It’s frustrating when an experiment reveals an almost, but not quite, statistically significant effect. When this happens, the overwhelming temptation is to run a few more repetitions in order to see if the result creeps into significance. Intuitively, more data should provide more reliable experimental results. This is not necessarily the case.
Let’s look at a concrete example. We’ve been handed a coin and wish to determine if it is fair. In other words, we’ll conduct an experiment designed to see if the null hypothesis (“the coin is fair”) can be rejected at the desired level of confidence: 95% in this case. Just to review, informally a result with 95% confidence means that we are willing to accept a 5% chance that our experiment reaches a false conclusion.
Consider this graph:
The x-axis shows a range of experiments we might be willing to perform: flipping the coin between 10 and 100 times. The red line is the lower confidence bound: the smallest number of heads that indicates a fair coin at the 95% level; the green line indicates the expected number of heads; and, the dark blue line indicates the upper confidence bound: the largest number of heads that is consistent with the coin being fair at the 95% level. The remaining three lines are examples of the kind of random walk we get by actually flipping a coin (or consulting a PRNG) 100 times.
Let’s say that we have decided to flip the coin 40 times. In this case, the 95% confidence interval (using the Wilson score) has a lower bound of 14.1 and an upper bound of 25.9. If we perform this coin flip experiment many times, the coin is declared to be fair 96% of the time — a good match for our desired level of confidence. If we instead flip the coin 80 times, the 95% confidence interval is between 31.4 and 48.6. This new experiment only finds the coin to be fair about 94% of the time. This mismatch between desired and actual coverage probability — which is often, but not always, minor — is an inherent feature of binomial confidence intervals and I’ve written about it before.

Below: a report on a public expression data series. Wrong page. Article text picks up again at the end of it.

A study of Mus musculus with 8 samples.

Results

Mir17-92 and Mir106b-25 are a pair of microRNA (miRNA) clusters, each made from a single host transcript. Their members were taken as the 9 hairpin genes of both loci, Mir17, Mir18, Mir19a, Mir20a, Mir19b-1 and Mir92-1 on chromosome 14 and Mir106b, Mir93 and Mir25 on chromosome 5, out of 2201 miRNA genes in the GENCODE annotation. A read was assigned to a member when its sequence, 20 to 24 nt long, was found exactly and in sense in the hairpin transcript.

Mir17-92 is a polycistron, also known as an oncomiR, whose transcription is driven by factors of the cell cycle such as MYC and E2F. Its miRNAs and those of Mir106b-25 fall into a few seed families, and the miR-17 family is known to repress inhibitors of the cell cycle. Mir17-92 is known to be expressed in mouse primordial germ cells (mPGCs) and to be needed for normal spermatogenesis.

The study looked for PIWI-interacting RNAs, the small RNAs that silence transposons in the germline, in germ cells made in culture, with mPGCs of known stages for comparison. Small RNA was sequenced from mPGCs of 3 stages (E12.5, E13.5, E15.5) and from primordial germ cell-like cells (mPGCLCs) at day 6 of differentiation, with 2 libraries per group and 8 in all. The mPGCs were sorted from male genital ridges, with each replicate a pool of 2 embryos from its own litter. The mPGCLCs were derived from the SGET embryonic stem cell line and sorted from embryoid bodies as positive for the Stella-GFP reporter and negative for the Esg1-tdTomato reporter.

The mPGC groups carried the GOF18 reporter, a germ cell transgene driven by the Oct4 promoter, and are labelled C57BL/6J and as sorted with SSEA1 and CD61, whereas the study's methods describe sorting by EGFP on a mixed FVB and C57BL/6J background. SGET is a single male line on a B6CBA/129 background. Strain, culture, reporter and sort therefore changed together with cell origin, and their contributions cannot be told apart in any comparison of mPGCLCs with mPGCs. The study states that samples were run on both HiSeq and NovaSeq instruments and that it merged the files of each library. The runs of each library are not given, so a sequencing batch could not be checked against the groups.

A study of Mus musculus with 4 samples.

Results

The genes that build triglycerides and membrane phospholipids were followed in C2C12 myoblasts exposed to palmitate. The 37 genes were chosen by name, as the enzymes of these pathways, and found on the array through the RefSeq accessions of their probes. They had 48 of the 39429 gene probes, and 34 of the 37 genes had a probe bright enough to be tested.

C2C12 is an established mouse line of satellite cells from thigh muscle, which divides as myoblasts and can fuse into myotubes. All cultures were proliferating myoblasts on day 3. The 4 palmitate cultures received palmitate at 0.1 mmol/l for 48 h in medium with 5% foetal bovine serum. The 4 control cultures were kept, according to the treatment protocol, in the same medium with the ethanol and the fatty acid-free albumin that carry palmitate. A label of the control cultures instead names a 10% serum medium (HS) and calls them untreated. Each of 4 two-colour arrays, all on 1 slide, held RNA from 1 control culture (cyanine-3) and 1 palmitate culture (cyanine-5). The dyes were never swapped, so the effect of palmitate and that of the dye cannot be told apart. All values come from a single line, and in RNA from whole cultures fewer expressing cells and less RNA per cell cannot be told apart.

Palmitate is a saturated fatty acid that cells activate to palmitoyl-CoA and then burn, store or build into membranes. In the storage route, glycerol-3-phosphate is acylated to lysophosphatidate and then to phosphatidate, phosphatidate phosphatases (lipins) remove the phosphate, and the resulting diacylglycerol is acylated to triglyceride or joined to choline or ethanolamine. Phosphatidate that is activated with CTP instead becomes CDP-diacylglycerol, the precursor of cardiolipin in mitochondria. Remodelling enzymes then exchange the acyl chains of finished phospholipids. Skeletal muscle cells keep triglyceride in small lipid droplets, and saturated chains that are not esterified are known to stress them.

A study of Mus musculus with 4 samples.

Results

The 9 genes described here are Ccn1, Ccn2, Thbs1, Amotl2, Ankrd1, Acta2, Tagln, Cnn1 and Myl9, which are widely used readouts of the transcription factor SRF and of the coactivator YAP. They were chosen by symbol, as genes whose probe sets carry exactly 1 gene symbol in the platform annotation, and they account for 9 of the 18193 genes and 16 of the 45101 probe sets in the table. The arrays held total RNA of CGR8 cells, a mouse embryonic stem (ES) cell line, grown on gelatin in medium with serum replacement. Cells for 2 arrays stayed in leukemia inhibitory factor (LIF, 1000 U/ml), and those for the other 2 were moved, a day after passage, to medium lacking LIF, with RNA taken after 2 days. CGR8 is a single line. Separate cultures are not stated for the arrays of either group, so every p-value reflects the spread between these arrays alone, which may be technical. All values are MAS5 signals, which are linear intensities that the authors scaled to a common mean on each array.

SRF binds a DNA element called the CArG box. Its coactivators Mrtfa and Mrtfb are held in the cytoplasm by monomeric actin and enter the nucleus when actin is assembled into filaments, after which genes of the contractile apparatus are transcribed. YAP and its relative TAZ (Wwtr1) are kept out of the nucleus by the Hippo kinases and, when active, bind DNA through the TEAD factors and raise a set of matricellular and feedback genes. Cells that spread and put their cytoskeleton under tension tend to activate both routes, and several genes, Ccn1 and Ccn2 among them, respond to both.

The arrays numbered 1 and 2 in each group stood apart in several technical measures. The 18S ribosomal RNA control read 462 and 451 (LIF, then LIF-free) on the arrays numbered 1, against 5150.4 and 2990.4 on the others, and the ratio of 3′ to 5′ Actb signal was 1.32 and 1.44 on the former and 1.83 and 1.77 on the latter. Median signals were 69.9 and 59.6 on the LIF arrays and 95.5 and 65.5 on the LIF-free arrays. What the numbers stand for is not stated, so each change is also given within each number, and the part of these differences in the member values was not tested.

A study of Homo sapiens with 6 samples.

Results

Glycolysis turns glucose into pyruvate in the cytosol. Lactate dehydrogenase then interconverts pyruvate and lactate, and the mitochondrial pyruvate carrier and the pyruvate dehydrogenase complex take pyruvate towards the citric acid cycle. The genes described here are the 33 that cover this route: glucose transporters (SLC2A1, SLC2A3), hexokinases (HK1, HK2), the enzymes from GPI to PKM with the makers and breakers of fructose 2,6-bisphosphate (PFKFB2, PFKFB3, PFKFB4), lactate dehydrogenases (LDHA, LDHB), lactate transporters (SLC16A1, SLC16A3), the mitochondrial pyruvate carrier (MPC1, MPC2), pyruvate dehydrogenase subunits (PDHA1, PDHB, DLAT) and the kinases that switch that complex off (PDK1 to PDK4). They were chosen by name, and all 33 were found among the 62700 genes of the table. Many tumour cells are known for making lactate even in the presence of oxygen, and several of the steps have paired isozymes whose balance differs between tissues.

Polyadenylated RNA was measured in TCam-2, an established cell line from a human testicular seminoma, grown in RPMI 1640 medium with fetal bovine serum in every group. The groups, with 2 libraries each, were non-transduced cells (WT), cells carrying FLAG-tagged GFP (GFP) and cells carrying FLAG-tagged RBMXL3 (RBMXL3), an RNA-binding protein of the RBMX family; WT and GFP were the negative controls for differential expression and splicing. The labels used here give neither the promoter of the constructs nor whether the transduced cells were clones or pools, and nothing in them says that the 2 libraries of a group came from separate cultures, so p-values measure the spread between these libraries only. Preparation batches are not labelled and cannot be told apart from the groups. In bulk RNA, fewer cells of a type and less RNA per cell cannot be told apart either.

So now let’s get back to the point of this post. The question is: How are the results affected if, instead of selecting a number of repetitions once and for all, we run a few reps, check for significance, run a few more reps if we don’t like the result, etc. The setup that we’ll use here is:
- Flip the coin 10 times
- Check for an unfair coin — if so, stop the experiment with the result “unfair”
- If we’ve flipped the coin 100 times, stop the experiment with the result “fair”
- Flip the coin
- Go back to step 2
The graphical interpretation of this procedure, in terms of the figure above, is to look for any part of the random walk to go outside of the lines indicating the confidence intervals. The light blue and brown lines do not do this but the purple line does, briefly, between 60 and 70 flips.
The punchline is that this new “experimental procedure” is able declare a fair coin to be unfair about 37% of the time! Obviously this makes a mockery of the intended 95% level of confidence, which is supposed to reach an incorrect conclusion only 5% of the time.
Does this phenomenon of “run a few more reps and check for significance” actually occur? It does. For example:
- People running experiments do this.
- Reviewers of papers complain that the results are not “significant enough” and ask the experimenter to run a few more reps.
- I’ve seen benchmarking frameworks that automatically run a performance test until a desired level of confidence is achieved.
In contrast, near the start of this paper there’s a nice story about experimenters doing the right thing.